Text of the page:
Wiring light fixture direct to plug

Old 04-25-13, 12:32 PM

I have a light fixture with four sockets and each has a white and black wire

I looked up briefly and see that most people say connect white wire to the larger (neutral) prong.

I have a leftover two prong plug I can use

Is this okay for me to do?

Will I just be shocked if I plug in wrong and be okay if I do the right way?

The case is metal for the bulbs and theres this copper thing that leans against the casing but not connected to anything

This is what I have:

Progress Lighting P3298-30 4-Light Broadway Lighting Strips Sockets On 6-Inch Centers and UL Listed For Ceiling Mounting with 25 Watt Maximum Lamps, White - Amazon.com
 
Old 04-25-13, 12:50 PM
 
  #3  
Old 04-25-13, 12:52 PM

I saw eHow has instructions but they only say to use a grounded plug

Can a Wall Light Fixture Be Wired to Plug Into an Outlet? | eHow.com

This guy also has easy steps

DIY: How to Turn a Hardwired Light Fixture (i.e. a Chandelier) Into a Lamp with Plug

I couldn't find any four socket lights or similar light strips with regular power plugs, I got the closest thing I need to use bulbs for an indoor nursury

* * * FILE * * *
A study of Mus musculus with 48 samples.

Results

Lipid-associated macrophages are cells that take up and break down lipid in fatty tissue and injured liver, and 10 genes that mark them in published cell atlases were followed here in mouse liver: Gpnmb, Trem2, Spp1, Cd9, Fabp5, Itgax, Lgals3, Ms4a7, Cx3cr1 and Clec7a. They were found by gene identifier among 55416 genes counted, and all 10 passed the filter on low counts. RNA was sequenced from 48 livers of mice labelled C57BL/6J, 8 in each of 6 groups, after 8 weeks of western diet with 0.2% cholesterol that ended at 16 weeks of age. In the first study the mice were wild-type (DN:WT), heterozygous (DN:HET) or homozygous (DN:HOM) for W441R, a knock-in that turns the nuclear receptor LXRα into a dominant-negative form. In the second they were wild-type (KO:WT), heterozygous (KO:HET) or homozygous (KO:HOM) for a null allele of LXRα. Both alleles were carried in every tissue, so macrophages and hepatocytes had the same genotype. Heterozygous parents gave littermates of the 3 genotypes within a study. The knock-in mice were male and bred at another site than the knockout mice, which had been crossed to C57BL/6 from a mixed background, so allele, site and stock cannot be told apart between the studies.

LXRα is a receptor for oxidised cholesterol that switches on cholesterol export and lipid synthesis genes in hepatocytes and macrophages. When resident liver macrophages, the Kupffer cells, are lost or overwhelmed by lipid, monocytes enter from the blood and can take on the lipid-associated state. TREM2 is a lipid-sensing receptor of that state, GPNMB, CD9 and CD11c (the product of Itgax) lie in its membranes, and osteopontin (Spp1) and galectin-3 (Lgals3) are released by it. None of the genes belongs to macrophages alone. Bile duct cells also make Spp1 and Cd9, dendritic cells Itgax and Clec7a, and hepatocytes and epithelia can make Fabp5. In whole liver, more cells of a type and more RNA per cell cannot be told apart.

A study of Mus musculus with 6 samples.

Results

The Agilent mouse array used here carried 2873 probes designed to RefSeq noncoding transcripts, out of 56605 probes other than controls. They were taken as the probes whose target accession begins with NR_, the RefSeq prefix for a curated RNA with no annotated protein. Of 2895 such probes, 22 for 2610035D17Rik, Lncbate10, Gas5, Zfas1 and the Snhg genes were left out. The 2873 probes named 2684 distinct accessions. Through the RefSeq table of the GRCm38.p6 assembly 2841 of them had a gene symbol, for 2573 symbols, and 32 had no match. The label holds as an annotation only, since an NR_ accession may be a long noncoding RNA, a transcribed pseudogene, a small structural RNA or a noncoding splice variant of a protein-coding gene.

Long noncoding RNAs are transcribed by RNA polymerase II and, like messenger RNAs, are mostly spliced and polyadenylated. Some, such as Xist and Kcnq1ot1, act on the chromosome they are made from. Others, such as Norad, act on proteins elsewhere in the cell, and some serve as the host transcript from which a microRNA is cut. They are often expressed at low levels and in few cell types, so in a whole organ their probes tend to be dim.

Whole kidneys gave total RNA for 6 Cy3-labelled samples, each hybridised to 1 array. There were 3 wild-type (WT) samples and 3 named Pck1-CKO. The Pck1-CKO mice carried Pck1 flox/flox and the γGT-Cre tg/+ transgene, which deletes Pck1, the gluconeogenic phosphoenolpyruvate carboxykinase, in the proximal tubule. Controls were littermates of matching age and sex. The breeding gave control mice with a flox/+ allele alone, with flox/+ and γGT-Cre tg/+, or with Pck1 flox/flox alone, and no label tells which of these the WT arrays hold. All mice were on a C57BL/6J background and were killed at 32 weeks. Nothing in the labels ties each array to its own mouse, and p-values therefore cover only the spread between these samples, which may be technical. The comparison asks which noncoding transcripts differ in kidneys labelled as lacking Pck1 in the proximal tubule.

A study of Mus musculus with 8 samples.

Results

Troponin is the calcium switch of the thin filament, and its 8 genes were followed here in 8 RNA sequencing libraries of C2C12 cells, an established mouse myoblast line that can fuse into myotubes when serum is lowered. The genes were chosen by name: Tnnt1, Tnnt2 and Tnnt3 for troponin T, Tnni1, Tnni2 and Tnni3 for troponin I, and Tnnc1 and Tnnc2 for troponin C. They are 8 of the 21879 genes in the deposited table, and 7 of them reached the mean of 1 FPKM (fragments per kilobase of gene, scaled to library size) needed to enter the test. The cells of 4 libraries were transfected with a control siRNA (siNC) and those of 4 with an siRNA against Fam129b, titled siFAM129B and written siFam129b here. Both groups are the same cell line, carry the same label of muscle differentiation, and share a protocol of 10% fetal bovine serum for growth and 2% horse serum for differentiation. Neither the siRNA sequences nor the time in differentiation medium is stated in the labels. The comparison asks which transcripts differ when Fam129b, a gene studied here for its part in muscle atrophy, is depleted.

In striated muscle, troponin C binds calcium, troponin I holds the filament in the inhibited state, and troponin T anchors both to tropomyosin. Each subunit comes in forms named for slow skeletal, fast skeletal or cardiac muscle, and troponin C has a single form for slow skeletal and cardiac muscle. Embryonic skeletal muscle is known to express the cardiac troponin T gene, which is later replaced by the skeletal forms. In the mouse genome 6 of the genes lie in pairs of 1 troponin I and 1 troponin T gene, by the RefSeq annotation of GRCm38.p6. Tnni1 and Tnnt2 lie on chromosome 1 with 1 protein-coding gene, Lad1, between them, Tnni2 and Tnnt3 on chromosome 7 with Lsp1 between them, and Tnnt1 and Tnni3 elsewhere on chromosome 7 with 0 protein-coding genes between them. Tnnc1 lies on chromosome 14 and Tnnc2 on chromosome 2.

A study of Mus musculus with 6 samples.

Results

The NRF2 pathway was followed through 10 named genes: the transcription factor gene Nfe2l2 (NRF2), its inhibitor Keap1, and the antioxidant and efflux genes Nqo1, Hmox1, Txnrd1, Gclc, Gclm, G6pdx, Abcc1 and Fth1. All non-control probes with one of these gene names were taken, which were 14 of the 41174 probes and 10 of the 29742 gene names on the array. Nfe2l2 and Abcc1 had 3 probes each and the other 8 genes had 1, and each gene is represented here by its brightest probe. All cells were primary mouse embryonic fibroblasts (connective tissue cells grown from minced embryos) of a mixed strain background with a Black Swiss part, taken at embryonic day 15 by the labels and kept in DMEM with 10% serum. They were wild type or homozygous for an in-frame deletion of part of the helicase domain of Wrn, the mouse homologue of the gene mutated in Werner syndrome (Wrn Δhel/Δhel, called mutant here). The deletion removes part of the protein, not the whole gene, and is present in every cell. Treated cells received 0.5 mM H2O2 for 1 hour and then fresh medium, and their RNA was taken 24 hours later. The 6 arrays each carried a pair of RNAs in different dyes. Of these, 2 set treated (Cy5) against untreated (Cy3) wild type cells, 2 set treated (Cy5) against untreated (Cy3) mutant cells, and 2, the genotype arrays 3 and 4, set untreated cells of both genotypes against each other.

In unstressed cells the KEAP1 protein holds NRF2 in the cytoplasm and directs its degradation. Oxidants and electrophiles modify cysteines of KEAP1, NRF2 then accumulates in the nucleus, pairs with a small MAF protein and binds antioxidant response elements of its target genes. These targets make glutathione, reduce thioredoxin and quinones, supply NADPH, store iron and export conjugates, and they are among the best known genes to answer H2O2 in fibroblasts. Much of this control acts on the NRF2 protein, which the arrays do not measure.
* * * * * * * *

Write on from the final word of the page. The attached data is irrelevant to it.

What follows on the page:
#5  
Old 04-25-13, 01:34 PM

I just tested on a lower power source and it worked

white to larger prong
 
  #6  
Old 04-25-13, 03:24 PM
There are strip fluorescent fixtures that are made with a cord set, and many of those that don't come with one can safely have one added. Fluorescent tubes that are specially made to be eddestive "grow lights' are commonly available.

As Ray said,
Originally Posted by ray2047
That is a fixture that is designed to be hardwired. I don't see a way to safely wire it with a cord set.
Why don't you just buy and use the products that are already made to do what you want?
 
  #7  
Old 04-25-13, 03:57 PM
 
  #8  
Old 04-25-13, 05:02 PM
With medium screw bases, right? Then you should either hardwire that fixture or buy or make one that can be safely connected with a cord set.
 
  #9  
Old 04-25-13, 05:29 PM
 
Electrocution; is that something you are concerned with?
 

I have no exposed wires and i wont be touching the wiring.

A bigger risk would be the bulbs breaking and mercury coming out
 
what's the major risk here?
nottinmatterz
in what case?

I have no exposed wires and i wont be touching the wiring.

A bigger risk would be the bulbs breaking and mercury coming out

You have a metal body wall or ceiling fixture that is designed to be hardwired and grounded. You are planning on wiring a cord to it with a non-grounding plug. What you are planning on doing might work, but it's a jeryrig. Incandescent bulbs contain no mercury.
 
  #13  
Old 04-25-13, 06:10 PM

Mod Note: What the OP is planning to do is a violation of code and creates a hazard. It should not be done.
 

Last edited by Nashkat1; 04-26-13 at 11:11 AM.